Dorohusk - Zawadówka broad gauge railway in Poland, source: Adrian Karwał

Poland refrains from increase track access charges next year

The Polish infrastructure manager PKP PLK has withdrawn its request to increase track access charges of the network in 2022. As a result, the fees for accessing the railway network in the country remain at the same level. This has been announced by the Office of Rail Transport in Poland, UTK.

On Friday 19 March, the UTK informed on its website that it had discontinued the procedure to approve the draft price list of PKP Polskie Linie Kolejowe (PKP PLK) for the 2021/2022 train timetable, as “the infrastructure manager withdrew its application”. It added: “This means that the fees will be at the same level as in the current schedule.”

Good news

The announcement is good news for the rail freight sector, which had heavily criticized the proposal for the increase. Last month, PKP PLK announced its intention to increase its charges by 2,3 per cent. This would have meant that freight carriers would pay 13,09 PLN per tonne-km, instead of the 12,80 PLN that they are paying now.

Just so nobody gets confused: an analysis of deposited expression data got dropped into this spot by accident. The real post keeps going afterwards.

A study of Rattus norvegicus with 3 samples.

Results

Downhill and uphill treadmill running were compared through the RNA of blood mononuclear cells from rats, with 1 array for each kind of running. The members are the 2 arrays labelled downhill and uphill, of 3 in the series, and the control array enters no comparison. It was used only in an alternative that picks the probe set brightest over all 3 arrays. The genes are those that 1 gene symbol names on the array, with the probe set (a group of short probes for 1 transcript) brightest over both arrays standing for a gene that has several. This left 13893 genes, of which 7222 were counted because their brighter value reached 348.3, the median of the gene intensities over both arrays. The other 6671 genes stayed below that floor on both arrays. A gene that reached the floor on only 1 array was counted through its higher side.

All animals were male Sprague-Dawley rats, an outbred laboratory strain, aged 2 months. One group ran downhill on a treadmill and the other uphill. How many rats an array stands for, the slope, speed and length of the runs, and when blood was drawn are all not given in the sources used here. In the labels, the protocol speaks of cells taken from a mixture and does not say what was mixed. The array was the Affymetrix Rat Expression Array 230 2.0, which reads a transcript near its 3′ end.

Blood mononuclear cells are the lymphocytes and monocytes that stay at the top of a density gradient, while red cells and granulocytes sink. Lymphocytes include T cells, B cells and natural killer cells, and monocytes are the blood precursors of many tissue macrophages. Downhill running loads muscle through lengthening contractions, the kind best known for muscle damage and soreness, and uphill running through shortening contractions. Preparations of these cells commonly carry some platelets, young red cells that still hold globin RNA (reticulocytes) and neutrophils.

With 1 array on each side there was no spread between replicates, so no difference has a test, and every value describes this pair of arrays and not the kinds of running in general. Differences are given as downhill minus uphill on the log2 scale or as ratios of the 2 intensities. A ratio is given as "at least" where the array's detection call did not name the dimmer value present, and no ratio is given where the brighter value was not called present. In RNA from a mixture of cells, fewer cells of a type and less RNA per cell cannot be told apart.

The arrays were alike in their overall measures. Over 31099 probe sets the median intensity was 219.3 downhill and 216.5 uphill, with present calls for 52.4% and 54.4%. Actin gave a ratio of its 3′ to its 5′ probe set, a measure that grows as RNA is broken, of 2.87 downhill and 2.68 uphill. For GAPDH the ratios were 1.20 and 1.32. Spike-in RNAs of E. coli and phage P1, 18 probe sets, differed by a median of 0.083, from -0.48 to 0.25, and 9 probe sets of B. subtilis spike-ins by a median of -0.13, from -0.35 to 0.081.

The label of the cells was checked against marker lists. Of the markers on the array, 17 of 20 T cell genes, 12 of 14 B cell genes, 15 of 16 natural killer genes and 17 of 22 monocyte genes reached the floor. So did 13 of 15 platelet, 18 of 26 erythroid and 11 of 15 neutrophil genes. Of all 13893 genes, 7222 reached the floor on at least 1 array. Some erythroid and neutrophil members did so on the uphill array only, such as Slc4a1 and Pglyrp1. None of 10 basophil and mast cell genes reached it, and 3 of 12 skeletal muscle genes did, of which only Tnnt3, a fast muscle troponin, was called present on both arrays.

This was considered inappropriate by parties such as the Railway Business Forum and ERFA, in a time when most EU countries are decreasing or even waiving their track access charges considering the impact of the ongoing pandemic on rail freight. On top of that, Poland is already charging relatively high tariffs, while its network is not in its best shape, PCC Intermodal has argued.

Shunting fee

PKP PLK also withdrew the application of 18 December 2020 for approval of the draft price list regarding the method of determining the unit rate of the basic and shunting fee for the 2021/2022 train timetable. The President of UTK discontinued all the administrative proceedings in this case as well.

Therefore, the rates approved by the President of UTK on 22 August, 2018 remain in force on the manager’s network. PKP PLK also announced its intention to update the network Regulations for the 2021/2022 train timetable with regard to the price list.


Majorie van Leijen is editor of RailFreight.com, online magazine for rail freight professionals.